Louis Angelini is a native of Utica, New York, a city known for its rich cultural diversity. His music is primarily centrist, appealing to broad audiences. He has also created some works of a specialized nature which are of interest to smaller audiences. In a general sense, the range of musical language and approaches he has used parallels the cultural diversity he experienced in his home town.
He began his musical studies privately and in the city’s schools. He received a B.M. degree with a major in theory from Ithaca College and also studied at Cornell University. This was followed by graduate work at the Eastman School of Music of the University of Rochester where he received a Ph.D. in composition and an M.M. in theory. At Eastman he held a graduate assistantship in orchestration. He studied conducting with Pierre Monteux at the Domaine School for Conductors, and composition at Tanglewood, at the Berkshire Music Center, where he was awarded the Koussevitzky Prize in composition. He then went on to work in Italy under a Fulbright Fellowship in composition. His most significant mentors were Bernard Rogers, Witold Lutoslawski and Lucas Foss.
Angelini taught at East Texas State University, then for two years was a composer-in-residence with the Lincoln, Nebraska, school system through a fellowship from the Ford Foundation and the Contemporary Music Project. He received several grants from Meet the Composer, sponsored by the New York State Council for the Arts. He taught at Utica College of Syracuse University, presently an independent college, where he received the Distinguished Teaching Award and served as coordinator for Performing and Fine Arts.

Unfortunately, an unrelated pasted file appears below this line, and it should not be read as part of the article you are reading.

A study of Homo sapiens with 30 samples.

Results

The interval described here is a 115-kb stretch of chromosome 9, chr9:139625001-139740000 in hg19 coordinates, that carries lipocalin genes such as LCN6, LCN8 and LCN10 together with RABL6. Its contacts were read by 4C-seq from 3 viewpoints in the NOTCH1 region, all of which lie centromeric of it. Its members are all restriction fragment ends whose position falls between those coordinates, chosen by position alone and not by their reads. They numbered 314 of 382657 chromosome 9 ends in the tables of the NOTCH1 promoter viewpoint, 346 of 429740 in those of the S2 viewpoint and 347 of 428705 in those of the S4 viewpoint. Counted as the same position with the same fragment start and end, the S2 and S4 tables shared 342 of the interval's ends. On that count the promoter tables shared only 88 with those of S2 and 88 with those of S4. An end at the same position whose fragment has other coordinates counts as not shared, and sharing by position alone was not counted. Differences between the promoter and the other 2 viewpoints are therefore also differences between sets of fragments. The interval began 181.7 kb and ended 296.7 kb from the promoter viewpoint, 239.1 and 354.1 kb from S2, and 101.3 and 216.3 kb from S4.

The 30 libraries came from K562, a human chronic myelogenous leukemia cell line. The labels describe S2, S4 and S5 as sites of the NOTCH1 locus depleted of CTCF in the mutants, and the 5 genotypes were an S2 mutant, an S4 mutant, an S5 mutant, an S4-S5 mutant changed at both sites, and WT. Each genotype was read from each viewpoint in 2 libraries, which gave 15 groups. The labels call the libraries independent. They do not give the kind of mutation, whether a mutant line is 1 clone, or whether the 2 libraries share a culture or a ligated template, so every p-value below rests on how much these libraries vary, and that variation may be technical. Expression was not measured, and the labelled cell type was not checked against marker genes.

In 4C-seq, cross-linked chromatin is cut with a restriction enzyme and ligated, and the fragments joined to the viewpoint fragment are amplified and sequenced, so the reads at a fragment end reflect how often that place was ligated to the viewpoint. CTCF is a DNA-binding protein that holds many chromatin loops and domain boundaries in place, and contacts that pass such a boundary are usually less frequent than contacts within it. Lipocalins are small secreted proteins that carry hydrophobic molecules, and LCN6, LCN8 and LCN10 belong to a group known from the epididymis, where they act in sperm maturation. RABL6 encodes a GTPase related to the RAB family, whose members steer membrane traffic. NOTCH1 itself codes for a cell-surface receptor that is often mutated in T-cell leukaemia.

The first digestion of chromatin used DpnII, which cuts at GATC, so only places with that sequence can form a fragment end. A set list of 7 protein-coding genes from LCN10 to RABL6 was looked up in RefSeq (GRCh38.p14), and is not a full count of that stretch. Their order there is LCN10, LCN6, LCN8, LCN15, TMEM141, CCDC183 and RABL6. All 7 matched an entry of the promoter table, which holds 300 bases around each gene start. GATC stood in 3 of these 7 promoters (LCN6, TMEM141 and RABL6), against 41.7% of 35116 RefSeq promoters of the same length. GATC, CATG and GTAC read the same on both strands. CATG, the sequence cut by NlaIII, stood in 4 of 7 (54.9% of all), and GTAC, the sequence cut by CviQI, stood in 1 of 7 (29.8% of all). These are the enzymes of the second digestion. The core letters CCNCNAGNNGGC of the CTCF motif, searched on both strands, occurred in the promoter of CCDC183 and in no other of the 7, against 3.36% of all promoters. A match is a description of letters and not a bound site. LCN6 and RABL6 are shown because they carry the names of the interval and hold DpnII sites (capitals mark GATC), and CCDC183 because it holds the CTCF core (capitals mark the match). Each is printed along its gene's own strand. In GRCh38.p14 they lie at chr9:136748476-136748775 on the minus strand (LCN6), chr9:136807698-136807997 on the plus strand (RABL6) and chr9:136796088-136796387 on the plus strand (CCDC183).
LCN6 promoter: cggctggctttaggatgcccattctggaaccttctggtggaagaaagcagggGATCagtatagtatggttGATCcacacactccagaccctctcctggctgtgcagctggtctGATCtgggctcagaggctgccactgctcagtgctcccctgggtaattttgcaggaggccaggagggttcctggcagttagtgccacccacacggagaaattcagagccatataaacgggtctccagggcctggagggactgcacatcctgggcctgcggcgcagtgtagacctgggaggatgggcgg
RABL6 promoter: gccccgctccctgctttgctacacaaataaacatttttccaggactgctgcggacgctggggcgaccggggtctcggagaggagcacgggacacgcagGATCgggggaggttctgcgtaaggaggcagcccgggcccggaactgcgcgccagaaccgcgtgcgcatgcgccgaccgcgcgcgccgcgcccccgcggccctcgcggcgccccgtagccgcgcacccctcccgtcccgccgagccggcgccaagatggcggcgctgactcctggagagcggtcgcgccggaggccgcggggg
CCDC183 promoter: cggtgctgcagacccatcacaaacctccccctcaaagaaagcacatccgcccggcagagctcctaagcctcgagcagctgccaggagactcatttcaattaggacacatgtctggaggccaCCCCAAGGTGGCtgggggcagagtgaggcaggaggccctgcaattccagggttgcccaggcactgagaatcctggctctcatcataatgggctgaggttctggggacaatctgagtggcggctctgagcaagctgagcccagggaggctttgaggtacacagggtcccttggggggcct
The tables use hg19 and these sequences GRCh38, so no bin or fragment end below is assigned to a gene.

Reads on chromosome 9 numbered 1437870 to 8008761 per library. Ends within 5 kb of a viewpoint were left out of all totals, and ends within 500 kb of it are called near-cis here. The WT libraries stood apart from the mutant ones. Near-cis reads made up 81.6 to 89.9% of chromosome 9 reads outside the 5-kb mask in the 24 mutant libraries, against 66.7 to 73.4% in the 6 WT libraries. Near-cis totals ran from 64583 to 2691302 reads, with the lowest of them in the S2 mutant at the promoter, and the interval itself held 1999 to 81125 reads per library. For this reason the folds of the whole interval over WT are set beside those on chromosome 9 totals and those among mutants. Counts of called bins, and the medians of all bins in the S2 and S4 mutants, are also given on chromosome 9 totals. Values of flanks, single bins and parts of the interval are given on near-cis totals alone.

His compositions include solos and duos for instruments and voices, chamber music, choral works, structured improvisation plans, music theater works and orchestral music. His music has been performed by American and European professional organizations, college, school and community ensembles, including radio and television performances. Some of his works have been published by the Contemporary Music Project.
Performers and organizations presenting his music include flutist Bonita Boyd, artist-teacher at the Eastman School of Music, the Utica Symphony Orchestra, the Utica College multi-media and music theater ensembles, Nuova Consonanza in Rome, Italy, the Amici String Quartet, Steven Heyman, artist-in-residence at Colgate University and faculty member of the School of Music at Syracuse University, the Madison String Quartet, the Players Theater of Utica, the Society for New Music and the Eastman Wind Ensemble.